That means that pets — newly classified as cargo instead of excess baggage — can cost several thousand dollars to transport, instead of a few hundred. And since cargo is treated differently than baggage, the pets must undergo more complicated inspections and connections — and some have even died en route, Foreign Service officers say.
Because United is so ubiquitous — and because many officers must travel on a U.S. airline — it’s often the only option.
But at least the four-legged companions have friends in high places. U.S. Ambassador to China Gary Locke — a former commerce secretary — weighed in with a letter to United’s CEO.
“As a pet lover myself, I am deeply concerned about this policy change,” Locke wrote. “The sharply increased costs will likely place transporting the family pet beyond the reach of some of our diplomats.”
So basically, he’s advocating a no-pup-left-behind policy. And some 3,000 Foreign Service officers wrote, too. The issue, we hear, is reaching top desks on the seventh floor at the State Department.
Pet puns aside, the Foreign Service Association says it’s a serious issue that affects the morale of the diplomatic corps across the globe.
Still find even the lower rates too pricey for schlepping Fido?
Ask a fiscal conservative like former Massachusetts governor Mitt Romney, and he’d tell you to strap the pup’s crate to the top of the minivan. That would work at least from Ottawa to Buenos Aires.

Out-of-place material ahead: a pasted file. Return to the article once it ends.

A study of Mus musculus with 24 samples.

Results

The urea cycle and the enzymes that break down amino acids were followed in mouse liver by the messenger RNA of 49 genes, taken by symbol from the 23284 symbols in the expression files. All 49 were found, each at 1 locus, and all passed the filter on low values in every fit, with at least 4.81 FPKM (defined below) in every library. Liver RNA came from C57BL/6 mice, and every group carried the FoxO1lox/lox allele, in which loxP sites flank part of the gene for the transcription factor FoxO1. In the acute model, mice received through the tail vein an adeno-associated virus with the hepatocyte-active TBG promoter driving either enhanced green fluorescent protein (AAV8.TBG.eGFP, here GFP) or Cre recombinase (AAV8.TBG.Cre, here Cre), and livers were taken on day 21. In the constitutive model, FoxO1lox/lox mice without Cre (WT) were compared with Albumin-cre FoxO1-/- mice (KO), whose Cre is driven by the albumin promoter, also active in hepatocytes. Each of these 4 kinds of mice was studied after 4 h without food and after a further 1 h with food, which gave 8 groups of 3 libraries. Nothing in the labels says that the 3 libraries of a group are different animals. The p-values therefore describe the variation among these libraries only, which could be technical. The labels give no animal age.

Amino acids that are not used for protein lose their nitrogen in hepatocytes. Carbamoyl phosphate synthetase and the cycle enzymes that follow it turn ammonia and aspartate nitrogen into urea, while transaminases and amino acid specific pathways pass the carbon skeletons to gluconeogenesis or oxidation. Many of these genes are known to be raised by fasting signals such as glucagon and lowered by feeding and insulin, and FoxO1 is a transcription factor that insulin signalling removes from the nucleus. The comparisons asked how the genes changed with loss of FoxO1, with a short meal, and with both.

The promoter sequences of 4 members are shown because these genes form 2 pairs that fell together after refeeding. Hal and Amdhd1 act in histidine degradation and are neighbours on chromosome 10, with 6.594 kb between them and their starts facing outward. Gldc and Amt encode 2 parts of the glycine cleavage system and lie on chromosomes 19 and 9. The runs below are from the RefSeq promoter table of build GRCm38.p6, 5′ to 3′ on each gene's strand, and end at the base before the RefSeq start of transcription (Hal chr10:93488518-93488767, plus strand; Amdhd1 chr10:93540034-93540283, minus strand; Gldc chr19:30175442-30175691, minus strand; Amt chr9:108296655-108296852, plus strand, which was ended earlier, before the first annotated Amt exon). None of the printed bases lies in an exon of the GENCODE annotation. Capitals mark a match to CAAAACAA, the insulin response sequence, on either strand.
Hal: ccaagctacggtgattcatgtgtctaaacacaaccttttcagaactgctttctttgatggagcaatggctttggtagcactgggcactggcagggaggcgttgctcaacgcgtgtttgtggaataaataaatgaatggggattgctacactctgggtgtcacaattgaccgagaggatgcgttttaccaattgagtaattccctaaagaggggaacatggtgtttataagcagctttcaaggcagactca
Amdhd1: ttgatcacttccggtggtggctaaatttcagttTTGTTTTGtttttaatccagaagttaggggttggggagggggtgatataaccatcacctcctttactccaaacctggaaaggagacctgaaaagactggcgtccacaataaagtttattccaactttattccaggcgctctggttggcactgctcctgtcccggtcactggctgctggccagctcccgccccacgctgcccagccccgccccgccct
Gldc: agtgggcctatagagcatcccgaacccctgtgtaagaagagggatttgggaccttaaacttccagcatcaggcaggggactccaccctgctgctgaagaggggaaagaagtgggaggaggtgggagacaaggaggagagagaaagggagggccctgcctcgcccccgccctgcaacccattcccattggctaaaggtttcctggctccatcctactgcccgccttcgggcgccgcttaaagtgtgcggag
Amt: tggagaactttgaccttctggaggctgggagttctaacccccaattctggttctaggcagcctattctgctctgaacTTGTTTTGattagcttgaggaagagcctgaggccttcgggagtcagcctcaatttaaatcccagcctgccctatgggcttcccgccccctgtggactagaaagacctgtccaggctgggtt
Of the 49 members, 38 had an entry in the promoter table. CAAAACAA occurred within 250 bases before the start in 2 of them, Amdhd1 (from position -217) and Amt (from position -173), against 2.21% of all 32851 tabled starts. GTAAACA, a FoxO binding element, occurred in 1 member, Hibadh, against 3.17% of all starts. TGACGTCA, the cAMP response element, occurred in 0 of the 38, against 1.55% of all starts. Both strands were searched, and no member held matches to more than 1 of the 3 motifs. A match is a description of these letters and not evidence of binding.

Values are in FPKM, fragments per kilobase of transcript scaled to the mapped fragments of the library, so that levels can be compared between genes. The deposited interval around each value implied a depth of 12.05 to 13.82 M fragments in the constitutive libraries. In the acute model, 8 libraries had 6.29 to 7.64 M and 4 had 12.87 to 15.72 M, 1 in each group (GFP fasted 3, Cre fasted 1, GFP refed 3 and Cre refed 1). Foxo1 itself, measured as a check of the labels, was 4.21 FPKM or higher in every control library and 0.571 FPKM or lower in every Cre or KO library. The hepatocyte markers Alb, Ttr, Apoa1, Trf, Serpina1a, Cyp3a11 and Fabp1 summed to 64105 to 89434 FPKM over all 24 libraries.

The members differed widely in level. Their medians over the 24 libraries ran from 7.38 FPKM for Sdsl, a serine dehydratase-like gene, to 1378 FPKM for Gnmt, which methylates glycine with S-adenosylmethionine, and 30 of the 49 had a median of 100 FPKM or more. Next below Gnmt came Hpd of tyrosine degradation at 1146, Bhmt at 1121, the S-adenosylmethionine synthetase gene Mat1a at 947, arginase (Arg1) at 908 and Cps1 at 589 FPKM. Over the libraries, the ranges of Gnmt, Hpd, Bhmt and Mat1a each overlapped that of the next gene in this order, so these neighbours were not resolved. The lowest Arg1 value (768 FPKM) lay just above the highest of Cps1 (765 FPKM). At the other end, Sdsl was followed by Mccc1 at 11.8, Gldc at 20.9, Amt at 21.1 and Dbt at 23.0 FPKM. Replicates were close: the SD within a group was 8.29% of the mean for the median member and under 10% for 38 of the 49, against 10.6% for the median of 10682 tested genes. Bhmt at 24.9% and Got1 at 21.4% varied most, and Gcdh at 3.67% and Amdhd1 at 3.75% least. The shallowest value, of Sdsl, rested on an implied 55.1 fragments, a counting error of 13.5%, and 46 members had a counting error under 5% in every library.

Just don’t say ‘clown’
Seems everyone’s gotten so uptight about federal workers and conferences these days — thanks for nothing, General Services Administration! Managers at other agencies might be casting a beadier eye than ever on their employees’ requests to travel.
How helpful, then, that the sponsors of one upcoming government conference have provided an excellent rationale that would-be attendees can use to justify their presence at what sounds like a lovely three-day affair on the Eastern Shore of Maryland.
In an invitation e-mail, the organizers of the Equal Employment Opportunity Commission’s Leadership Conference, taking place next month at the Hyatt Regency Chesapeake Bay Resort, Spa and Marina, offered a phrase government workers could use as a “suggested justification for your agency’s authorization form.”
Here are the magic words they think will help get the boss’s thumbs-up — and all one needs to do is a simple cut-and-paste job: “This unique professional development opportunity will give the EEO professional the skills necessary to plan and run a successful EEO program.”
Sounds like a winner.
GSA minding p’s and q’s
Meanwhile, GSA itself, reeling from revelations of lavish spending at agency events, has issued new rules restricting travel by agency employees and requiring top management approval of budgets and justification of conferences.